Lady holding yogurt pot

Non-sugar sweeteners

Exploring non-sugar sweeteners

Non-sugar sweeteners (NSS) have been developed as an alternative to free sugars. They may be referred to by a variety of names, including:

  • low- or no-calorie sweeteners
  • high-intensity sweeteners 
  • non-nutritive sweeteners 
  • non-caloric sweeteners
  • bulk sweeteners 
  • sugar-substitutes

They are widely used as an additive in pre-packaged foods and drinks, as well as added to foods and drinks directly by the consumer. NNS contribute no calories or a low amount of calories to the final product. They are incorporated into pre-packaged foods and drinks in a number of ways, including individually, in combinations of different NSS, or in combination with sugars. 

If NSS are being used to replace sugars in pre-packaged foods and drinks, additional ingredients are often needed to maintain the same mouth-feel, taste and technical characteristics (e.g., colour and extended shelf-life) that sugars provide. For example, starches, fats or oils, which all provide calories, may be used to replace the volume, texture and mouthfeel that sugar provides (1,2). This means that reduced sugar products sweetened with NSS may not always be lower in calories than sugar-containing products, and in some cases may be higher in calories (1,2). 

Role sugars play in foods

NSS can be split into two types, high-intensity sweeteners and bulk sweeteners.

High-intensity sweeteners

These NNS are many times sweeter than sugars, which means very small amounts are needed to deliver the same sweetness. Each sweetener has a unique structure, taste profile and is processed by the body differently. Most of the high-intensity sweeteners on the market are synthetic ("artificial"). Examples include:

  • Acesulfame-K
  • Aspartame
  • Cyclamate
  • Neotame
  • Saccharin
  • Sucralose

A small number of high-intensity sweeteners originate from plants [e.g., steviol glycosides (although some are produced using enzymes), thaumatin and monk fruit extract].

Bulk sweeteners

Also known as polyols or sugar alcohols, bulk sweeteners are hydrogenated sugars. They are found in nature in small amounts and have a similar sweetness to sugar. Examples include:

  • Erythritol
  • Isomalt
  • Lactitol
  • Maltitol
  • Mannitol
  • Sorbitol
  • Xylitol

Bulk sweeteners can have a laxative effect if consumed in high amounts. In some countries a warning label, to this effect, is required.

Labelling of NSS

Label on a product

Labelling requirements for NSS vary around the world but, in general, the presence of NSS must be indicated in the food or drinks ingredient list, either by its name or, in Europe, by its E number. In some countries, the presence of sweeteners must also be declared on the front-of-pack. In other countries, such as Mexico, a front-of-pack warning label stating “contains sweeteners, avoid for children” is required (3).

In recent years there has been a rise in products containing NSS that carry “No/Reduced sugar” claims on their labels (4). Because many consumers believe that products labelled ‘Reduced sugar’ contain fewer calories than the original product (4–7), there is a call in some countries, such as the US, for products to carry a “Not lower in calories” label, when the total calories are higher or the same as in the original product.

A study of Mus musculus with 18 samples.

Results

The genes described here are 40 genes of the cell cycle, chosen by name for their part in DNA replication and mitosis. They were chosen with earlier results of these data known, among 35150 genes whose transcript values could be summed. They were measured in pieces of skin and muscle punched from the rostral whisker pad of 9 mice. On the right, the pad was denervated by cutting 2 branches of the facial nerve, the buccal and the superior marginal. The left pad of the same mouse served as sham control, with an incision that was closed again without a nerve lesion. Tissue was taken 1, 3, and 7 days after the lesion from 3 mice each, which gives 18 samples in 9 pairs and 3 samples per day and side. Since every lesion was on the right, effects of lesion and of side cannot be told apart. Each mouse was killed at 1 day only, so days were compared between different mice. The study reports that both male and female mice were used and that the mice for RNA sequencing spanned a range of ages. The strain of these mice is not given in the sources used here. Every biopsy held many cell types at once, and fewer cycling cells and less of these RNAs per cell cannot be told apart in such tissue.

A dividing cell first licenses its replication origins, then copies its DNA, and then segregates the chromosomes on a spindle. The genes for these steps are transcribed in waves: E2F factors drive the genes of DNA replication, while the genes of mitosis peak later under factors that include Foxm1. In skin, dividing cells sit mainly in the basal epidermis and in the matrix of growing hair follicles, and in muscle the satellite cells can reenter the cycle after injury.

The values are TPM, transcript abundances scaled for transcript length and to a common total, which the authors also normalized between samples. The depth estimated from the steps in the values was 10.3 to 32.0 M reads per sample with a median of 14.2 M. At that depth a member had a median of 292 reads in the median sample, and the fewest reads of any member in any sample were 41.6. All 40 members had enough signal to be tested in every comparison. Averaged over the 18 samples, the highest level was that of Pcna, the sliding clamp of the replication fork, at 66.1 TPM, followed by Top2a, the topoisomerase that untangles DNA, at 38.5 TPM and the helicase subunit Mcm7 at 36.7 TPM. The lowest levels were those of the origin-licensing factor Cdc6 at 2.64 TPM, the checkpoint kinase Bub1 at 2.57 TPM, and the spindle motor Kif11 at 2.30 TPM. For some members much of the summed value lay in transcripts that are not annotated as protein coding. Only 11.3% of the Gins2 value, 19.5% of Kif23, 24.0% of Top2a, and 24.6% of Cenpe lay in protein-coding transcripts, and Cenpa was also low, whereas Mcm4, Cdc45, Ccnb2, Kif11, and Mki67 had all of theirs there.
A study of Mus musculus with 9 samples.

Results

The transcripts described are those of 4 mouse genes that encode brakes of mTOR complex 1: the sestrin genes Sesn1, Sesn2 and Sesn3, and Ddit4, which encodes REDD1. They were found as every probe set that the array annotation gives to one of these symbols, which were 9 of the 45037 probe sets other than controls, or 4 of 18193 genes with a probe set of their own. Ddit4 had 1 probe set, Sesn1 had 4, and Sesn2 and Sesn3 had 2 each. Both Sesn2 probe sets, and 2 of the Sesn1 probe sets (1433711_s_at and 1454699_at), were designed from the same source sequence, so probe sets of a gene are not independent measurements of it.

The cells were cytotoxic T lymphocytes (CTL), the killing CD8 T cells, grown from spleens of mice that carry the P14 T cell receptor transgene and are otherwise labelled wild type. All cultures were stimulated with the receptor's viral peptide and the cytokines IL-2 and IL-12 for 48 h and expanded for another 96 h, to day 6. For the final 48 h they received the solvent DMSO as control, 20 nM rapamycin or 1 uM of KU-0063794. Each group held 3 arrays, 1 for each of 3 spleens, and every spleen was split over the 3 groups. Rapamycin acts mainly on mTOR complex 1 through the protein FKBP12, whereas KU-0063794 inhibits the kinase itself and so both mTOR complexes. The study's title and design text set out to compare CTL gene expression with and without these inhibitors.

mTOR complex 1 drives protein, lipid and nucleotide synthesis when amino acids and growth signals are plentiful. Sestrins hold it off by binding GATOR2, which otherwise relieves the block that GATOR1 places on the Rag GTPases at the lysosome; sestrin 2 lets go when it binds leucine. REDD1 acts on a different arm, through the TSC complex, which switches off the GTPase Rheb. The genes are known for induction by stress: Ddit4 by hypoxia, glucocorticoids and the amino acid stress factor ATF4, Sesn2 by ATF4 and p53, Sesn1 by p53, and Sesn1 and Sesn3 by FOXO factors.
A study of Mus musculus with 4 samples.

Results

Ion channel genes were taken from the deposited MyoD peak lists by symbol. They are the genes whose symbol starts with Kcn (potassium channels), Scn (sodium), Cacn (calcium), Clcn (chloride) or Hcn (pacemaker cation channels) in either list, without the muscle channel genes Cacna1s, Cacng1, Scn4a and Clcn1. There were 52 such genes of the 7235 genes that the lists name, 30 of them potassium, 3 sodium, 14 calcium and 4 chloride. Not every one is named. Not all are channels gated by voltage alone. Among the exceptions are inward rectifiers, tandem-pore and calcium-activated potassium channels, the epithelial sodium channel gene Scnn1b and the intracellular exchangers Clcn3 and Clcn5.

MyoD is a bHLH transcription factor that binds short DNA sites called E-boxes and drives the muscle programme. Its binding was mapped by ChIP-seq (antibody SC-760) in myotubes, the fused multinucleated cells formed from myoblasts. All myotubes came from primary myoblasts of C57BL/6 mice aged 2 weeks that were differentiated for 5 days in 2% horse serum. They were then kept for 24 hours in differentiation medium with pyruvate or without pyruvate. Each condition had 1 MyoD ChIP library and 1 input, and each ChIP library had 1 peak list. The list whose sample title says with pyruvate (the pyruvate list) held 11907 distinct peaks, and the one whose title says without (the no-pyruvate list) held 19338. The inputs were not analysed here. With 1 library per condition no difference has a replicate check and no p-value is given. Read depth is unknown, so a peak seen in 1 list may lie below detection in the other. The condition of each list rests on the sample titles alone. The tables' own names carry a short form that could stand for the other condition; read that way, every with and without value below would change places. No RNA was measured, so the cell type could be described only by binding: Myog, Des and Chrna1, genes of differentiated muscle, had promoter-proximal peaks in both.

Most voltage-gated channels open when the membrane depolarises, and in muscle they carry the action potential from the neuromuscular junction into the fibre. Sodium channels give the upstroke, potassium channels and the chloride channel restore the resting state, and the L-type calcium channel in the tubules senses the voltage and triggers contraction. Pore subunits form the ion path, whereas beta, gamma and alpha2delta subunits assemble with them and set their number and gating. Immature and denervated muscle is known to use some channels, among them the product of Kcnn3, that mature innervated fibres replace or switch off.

Coloured round gummy sweets coated in sugar

Safety of NSS

Individual NSS undergo toxicological assessment by various authoritative bodies, such as the Joint Food and Agriculture Organization of the United Nations (FAO)/WHO Expert Committee on Food Additives (JECFA), to establish safe levels of intake (i.e. acceptable daily intake, or ADI).


1. Cooper, JM. The challenges of reformulation for sugars reduction. Food Science and Technology. 2017;31(1):38–41. 

2. Goldfein KR, Slavin JL. Why Sugar Is Added to Food: Food Science 101. Comprehensive Reviews in Food Science and Food Safety. 2015;14(5):644–56. 

3. Arellano-Gómez LP, Jáuregui A, Nieto C, Contreras-Manzano A, Quevedo KL, White CM, et al. Effects of front-of-package caffeine and sweetener disclaimers in Mexico: cross-sectional results from the 2020 International Food Policy Study. Public Health Nutr. 26(12):3278–90. 

4. Bernstein JT, Franco-Arellano B, Schermel A, Labonté MÈ, L’Abbé MR. Healthfulness and nutritional composition of Canadian prepackaged foods with and without sugar claims. Appl Physiol Nutr Metab. 2017 Nov;42(11):1217–24. 

5. Gorton D, Mhurchu CN, Bramley D, Dixon R. Interpretation of two nutrition content claims: a New Zealand survey. Aust N Z J Public Health. 2010 Feb;34(1):57–62. 

6. Patterson NJ, Sadler MJ, Cooper JM. Consumer understanding of sugars claims on food and drink products. Nutr Bull. 2012 Jun;37(2):121–30. 

7. Prada M, Saraiva M, Sério A, Coelho S, Godinho CA, Garrido MV. The impact of sugar-related claims on perceived healthfulness, caloric value and expected taste of food products. Food Quality and Preference. 2021 Dec 1;94:104331.